At one point in your lifetime, it is probable that you will need to drain your hot water heater. Sometimes, it needs to be drained to remove sediment that is stuck in the bottom of the heater, lessening its effectiveness. Other times, it may need to be drained for maintenance purposes.
If you need to flush your hot water heater, do not fret. It is a fairly easy task to accomplish and all you need is a garden hose. Once you have your garden hose ready, follow these four steps:
1. Switch the Heating Element Off
The first thing you need to do is turn the heating element to your hot water heater off. This will ensure that you do not get scalded with hot water. It will also prevent electrical accidents—if you have an electric water heater.
To turn the heating element off, flip the switch on your electrical circuit breaker that corresponds to your hot water heater—if you have an electric unit. If you have a gas unit, switch the thermostat on the unit to the setting titled "pilot."
2. Turn off the Water Supply
All hot water heater tanks contain a cold water supply. Before you drain your tank, you must turn this off. Otherwise, you may wind up with a flooding issue.
To turn the water supply off, follow the copper pipe on the top of your tank and look for the shut off valve. If you cannot find the valve, it is possible that it is located elsewhere; in this case, simply turn off the water supply to your home.
3. Prepare for Drainage
Next, attach your garden hose to the tank. Make sure it is attached to the drain valve on your tank, which is located at the bottom. Once attached, put the other end of the hose outside or in a large bucket.
When you are done attaching the hose, turn on the hot water on one of your home's faucets. By turning on a hot water faucet, you will prevent your plumbing from creating a vacuum—which can prevent the water from draining.
4. Drain the Water
Finally, return to your hot water heater tank and open the drain valve. It will be a large valve located at the bottom of your tank. Do not open the pressure relief valve, which is usually located on an upper corner of the tank.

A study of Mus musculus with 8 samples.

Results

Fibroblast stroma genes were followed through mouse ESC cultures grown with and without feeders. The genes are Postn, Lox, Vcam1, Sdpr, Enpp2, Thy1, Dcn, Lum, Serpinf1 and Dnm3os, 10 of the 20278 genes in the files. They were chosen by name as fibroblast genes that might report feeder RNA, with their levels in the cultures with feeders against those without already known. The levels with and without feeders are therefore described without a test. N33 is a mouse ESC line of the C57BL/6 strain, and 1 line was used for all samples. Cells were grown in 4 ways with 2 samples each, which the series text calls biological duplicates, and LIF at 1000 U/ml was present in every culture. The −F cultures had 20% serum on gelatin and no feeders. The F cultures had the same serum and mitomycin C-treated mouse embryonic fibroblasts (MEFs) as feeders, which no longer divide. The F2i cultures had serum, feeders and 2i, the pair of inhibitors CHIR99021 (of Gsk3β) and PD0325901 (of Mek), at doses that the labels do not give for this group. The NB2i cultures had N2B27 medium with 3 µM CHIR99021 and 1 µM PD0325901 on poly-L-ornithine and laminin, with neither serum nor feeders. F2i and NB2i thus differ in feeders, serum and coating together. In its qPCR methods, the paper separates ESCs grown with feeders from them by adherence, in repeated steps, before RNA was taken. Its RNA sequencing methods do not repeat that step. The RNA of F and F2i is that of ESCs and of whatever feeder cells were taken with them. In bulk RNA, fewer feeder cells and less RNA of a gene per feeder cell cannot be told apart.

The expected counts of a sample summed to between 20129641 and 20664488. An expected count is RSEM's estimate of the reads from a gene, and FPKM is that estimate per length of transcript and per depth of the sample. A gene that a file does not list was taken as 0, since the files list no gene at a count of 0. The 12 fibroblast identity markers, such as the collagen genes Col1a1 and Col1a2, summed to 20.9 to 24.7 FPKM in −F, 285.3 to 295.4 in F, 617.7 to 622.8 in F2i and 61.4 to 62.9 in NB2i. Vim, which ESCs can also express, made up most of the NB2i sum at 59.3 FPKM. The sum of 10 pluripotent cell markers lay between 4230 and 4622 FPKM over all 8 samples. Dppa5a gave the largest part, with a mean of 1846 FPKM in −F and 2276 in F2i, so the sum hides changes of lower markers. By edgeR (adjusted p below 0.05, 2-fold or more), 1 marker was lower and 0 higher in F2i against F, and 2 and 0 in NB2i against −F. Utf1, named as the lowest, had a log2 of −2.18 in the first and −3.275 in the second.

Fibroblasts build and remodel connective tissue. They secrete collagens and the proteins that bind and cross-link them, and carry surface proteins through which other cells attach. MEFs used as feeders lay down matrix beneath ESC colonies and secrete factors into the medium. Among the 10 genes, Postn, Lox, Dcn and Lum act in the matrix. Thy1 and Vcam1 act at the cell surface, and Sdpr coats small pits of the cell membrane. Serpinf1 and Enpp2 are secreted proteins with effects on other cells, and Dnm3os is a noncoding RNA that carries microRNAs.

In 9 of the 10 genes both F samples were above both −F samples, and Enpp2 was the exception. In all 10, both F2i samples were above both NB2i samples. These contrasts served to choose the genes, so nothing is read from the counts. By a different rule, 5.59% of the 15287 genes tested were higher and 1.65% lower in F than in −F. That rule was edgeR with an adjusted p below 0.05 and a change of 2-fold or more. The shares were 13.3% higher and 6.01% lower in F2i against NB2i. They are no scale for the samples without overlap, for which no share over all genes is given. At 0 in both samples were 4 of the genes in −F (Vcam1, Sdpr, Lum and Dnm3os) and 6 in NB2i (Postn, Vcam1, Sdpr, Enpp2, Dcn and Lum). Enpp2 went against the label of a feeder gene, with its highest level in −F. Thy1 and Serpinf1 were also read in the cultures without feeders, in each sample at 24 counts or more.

Once the water begins to drain, go outside—or to your bucket—and watch the water as it comes out. At first, the water should be a dark or rusty color. The first water that flows out is the water on the bottom of the tank; and it usually contains sediment. After a few gallons of water have drained, the water should be clear. Once the water runs clear, go back to the tank and switch the drain valve off.
There you have it: simple steps for draining your hot water heater. If you are draining for replacement purposes, do not reconnect the water heater, as a professional will need it to be disconnected to install the new heater.
If you're worried about being able to complete this task properly, it may be best to rely on a professional like Gene's Plumbing.Share
25 March 2015
How many times have your pipes frozen this winter? Have you spent multiple days with your head under your cabinets holding a hair dryer on the lines drying to thaw the lines before they burst? If so, now is the time to begin making some changes. I worked with my plumber this year to make some adjustments to my home and my plumbing to avoid the taxing and stressful occurrence of frozen water lines. Visit my site to learn what course of action we took to prevent the water lines from freezing in my home even during the below zero temperatures we experienced.